July 31, 2009

Intention vs. superstition

A client of mine is a consultant who teaches the fine art and science of card counting to his clients, to enable them to legally "beat the system" of blackjack.

The speaking topic he is passionate about is decision-making and rational thinking -- how people make decisions using irrational or superstitious thinking vs. planning, preparing and processing. And he likes to tie this in with entrepreneurial thinking -- controlling your own fate and living life intentionally.

To prepare for a presentation, we discussed how he could use analogies to help the audience grasp his concept of having an entrepreneurial spirit combined with a rational game plan.

The perfect analogy: Card counting represents intention, preparation and controlling the game vs. the typical way people gamble -- fueled by hope, wishful thinking and flying by the seat of their pants!

Counting the cards is controlling your own fate rather than having it control you. This analogy can apply both to life and to work, and it fits with my client's tutorial on card counting as well as his own story of being a professional blackjack player that he shares in his presentations.

I think you already know my favorite analogy to public speaking; if you've been reading my blog for any amount of time, you've seen plenty of athletic analogies.

What is your favorite analogy to enhance the message of your presentation?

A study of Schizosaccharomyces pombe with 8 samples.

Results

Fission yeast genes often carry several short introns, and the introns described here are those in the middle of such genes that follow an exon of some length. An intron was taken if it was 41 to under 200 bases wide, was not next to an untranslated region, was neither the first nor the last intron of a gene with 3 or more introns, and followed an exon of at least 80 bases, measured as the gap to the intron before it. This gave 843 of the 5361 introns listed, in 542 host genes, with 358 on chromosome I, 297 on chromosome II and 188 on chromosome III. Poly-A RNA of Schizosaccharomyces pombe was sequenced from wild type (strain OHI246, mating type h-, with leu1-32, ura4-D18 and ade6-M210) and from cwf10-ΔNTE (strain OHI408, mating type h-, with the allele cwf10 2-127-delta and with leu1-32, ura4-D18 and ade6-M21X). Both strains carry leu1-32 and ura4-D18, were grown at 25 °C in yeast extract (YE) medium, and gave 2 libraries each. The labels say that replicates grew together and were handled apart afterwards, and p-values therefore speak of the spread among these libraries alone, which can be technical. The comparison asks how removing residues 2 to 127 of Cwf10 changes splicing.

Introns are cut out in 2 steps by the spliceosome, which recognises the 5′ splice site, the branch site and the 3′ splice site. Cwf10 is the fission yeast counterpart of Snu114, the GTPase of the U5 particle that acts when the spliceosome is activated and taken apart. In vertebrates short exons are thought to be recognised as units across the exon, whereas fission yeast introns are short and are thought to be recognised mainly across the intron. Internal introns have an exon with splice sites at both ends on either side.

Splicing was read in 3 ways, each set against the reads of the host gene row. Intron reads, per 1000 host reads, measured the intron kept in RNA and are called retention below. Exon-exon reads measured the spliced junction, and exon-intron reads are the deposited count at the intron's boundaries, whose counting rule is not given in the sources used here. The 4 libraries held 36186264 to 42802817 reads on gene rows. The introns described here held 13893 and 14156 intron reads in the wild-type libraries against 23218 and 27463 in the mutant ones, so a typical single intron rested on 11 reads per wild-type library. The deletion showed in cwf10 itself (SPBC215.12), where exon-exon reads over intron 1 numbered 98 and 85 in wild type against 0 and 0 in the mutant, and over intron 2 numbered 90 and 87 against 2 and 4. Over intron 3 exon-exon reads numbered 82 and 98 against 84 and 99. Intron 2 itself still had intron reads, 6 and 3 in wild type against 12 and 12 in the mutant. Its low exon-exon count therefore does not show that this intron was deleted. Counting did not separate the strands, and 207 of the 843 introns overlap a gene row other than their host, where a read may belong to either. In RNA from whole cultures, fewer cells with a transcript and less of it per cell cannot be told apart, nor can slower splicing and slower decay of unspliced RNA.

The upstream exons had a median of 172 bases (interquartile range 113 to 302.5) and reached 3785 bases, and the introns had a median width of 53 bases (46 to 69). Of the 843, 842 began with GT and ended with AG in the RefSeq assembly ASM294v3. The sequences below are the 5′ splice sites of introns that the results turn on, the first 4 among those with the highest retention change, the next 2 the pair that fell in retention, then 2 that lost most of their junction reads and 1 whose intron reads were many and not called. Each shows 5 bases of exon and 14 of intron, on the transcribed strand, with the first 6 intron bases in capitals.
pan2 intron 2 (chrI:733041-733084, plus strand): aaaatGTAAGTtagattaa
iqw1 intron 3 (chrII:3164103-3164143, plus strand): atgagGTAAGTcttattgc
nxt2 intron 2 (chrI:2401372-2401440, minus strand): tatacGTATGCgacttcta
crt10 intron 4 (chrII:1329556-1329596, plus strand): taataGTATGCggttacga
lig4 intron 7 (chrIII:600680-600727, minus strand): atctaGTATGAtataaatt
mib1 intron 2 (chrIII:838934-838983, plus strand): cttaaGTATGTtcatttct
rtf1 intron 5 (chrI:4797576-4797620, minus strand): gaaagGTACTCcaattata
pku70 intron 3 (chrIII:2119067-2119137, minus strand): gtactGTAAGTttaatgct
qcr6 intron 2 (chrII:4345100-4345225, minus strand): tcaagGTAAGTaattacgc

Are you an entrepreneur or professional who's looking for better results from your speaking? Are you hoping to build credibility and visibility for your business or cause? Tired of just "getting by" and ready to deliver truly engaging and powerful presentations? Click here to learn about 1:1 coaching with me!

2 comments. Please add yours! :

Training Connection said...

I sometimes borrow from other good stories I've read- athletic achievements or even cooking. I gauge my audience/my class for their interests and come up with something that they can identify with. They seem to connect better that way! Great ideas here!

Lisa Braithwaite said...

Thanks for your comment, TC. As long as your stories haven't been heard and read all over the Internet, it's it's always a good idea to find relevant analogies for each particular audience. That's good preparation!